Published: 12:13, 31 October 2018
| Updated: 23:33, 31 October 2018
“Season of mists and mellow fruitfulness, Close bosom-friend of the maturing sun;
Conspiring with him how to load and bless ,With fruit the vines that round the thatch-eves run." (To Autumn, by John Keats 1795 - 1821)
Keats knew what he was talking about when he wrote that autumn was the ‘close bosom-friend of the maturing sun’.
We’ve been treated to some delicious sunshine over the last few weeks and autumn has indeed been the season that conspires with the sun to ‘load and bless’ the vines.
We’ve enjoyed a bumper crop of fruit on the vines that twist their way along Pergola Walk and the fruit from Anne Boleyn’s Orchard has been put to good use by Les in the Castle kitchens - more of that later…
Keats was a nature lover, he composed his poem ‘Ode to a Nightingale’ while sitting under a plum tree in his garden in Hampstead. I’d like to rest awhile under the apple trees at Hever composing some verse, but this month I’ll be mostly raking leaves, clearing leaves from beneath the roses, lifting dahlias, planting 20,000 tulips, planting winter bedding and cutting back the yellowing foliage of some of the herbaceous perennials.
November is a really busy time for the gardeners at Hever and I’m lucky to have such a hard-working enthusiastic group of horticulturalists on site here who really get stuck in to planting the winter bedding and clearing the ever-falling leaves.
I’m also in the lucky position of being able to pick the brains of our RHS students who study onsite here.
We hope their enthusiasm and knowledge will be put to good use this month when we plant up a large border containing 11,000 tulip bulbs. The aim of the bed, situated just inside the Castle entrance, is to trial old and new husbandry techniques for keeping the squirrels off your bulbs!
We’ve asked our followers on social media to share their squirrel busting tips with us and we hope to select the best 10 ideas and trial them in the Castle tulip bed. Watch this space!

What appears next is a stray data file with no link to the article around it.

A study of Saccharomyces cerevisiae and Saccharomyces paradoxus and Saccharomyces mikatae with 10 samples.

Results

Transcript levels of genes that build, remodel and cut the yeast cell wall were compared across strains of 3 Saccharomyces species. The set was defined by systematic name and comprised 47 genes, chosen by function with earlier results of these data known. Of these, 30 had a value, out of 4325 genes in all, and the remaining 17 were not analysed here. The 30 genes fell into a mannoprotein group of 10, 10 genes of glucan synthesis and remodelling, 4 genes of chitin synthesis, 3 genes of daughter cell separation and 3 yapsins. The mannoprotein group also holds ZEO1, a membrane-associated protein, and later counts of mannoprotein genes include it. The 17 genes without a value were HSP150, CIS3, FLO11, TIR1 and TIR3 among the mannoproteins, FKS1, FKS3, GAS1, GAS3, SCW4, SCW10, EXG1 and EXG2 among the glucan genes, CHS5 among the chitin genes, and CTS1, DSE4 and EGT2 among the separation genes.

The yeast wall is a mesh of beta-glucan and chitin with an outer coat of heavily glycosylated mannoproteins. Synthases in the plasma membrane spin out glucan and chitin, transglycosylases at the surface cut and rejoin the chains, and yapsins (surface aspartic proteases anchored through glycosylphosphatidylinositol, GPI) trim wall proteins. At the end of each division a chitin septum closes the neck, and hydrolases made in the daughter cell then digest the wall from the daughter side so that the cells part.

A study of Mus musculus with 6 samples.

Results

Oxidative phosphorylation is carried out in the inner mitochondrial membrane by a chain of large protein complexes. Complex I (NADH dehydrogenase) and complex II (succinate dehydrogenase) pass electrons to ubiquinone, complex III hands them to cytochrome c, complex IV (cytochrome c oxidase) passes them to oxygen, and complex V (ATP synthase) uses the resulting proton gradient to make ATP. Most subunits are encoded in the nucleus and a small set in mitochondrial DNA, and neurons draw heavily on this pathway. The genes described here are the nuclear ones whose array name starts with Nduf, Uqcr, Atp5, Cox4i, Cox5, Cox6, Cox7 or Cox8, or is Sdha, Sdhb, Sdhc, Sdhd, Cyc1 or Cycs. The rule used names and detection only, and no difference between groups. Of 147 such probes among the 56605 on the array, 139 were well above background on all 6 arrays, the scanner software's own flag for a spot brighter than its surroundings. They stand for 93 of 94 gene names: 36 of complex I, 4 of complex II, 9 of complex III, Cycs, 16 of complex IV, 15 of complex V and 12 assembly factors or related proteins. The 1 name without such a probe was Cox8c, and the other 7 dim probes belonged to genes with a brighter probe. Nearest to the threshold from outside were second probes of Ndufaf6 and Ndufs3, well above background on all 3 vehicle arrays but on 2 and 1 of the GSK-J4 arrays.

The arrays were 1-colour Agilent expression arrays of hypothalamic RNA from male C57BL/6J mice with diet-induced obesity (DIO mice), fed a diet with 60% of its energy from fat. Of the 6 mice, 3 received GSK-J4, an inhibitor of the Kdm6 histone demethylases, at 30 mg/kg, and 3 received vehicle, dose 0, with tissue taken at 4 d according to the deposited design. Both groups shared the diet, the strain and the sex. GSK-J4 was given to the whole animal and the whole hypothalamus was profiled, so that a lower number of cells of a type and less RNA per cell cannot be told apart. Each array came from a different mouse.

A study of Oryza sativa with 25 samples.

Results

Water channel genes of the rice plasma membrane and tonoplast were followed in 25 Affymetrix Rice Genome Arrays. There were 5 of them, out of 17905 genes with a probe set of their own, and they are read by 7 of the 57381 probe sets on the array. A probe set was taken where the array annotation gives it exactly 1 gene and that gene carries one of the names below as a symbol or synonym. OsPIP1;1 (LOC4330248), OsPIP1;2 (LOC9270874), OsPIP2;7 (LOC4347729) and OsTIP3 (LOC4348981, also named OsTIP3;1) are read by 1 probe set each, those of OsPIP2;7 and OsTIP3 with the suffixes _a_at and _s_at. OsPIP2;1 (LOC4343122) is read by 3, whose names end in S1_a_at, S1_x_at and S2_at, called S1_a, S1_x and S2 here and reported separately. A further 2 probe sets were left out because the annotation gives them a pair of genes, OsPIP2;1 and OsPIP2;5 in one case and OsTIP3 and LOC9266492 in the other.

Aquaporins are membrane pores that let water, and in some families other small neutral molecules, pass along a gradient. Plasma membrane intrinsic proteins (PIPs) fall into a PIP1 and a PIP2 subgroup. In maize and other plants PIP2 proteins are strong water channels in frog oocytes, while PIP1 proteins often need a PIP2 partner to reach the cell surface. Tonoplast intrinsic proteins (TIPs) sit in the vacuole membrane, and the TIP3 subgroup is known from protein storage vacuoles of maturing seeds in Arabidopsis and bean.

November is a good time of the year to look at the larger maintenance projects needed in your garden space.
Our loaded vines on Pergola Walk needed some attention this month and we decided to replace some of the pergola poles.
With the help of a cherry picker, and three guys, we were able to remove the large poles and insert new ones which we hope will last for quite a while.
Pergola Walk is a special place in autumn - it affords one of the best views of the colours around the Lake as you progress from Half Moon Pond all the way down to the Loggia.
The Rose Garden at Hever is famous for its wonderful collection. If you want to get going with a rose garden of your own, November is a good time for planting bare-root roses, in fact you can plant them any time from now until March.
For your more established roses, it’s good to get the gloves on and clear the spent leaves from around the base of the plants to prevent disease.
If you have an abundance of apple or pear trees, then you can begin the process of pruning now (and up until February).
We cleared a veritable mountain of apples from Anne Boleyn’s Orchard this month. The apples that twist around the orchard square are called ‘Encore’ and these tasty bright greeny-yellow cookers were actually introduced in 1906 by J Cheal, who designed the gardens at Hever for William Astor. Encore has a fabulously creamy texture and received the RHS Award of merit and 1906 along with the RHS First Class Certificate in 1908.
We passed the crop of apples on to Hever Castle’s Head Chef Les Woolven and with a dash of inspiration he has created a delectable ‘Caramelised Apple Sausage Roll’.
If you have any squirrel-busting ideas such as soaking your tulip bulbs in paraffin, please do get in touch with us on social media via @hevercastle on Twitter and on Instagram @hever_castle - we might even trial your suggestion!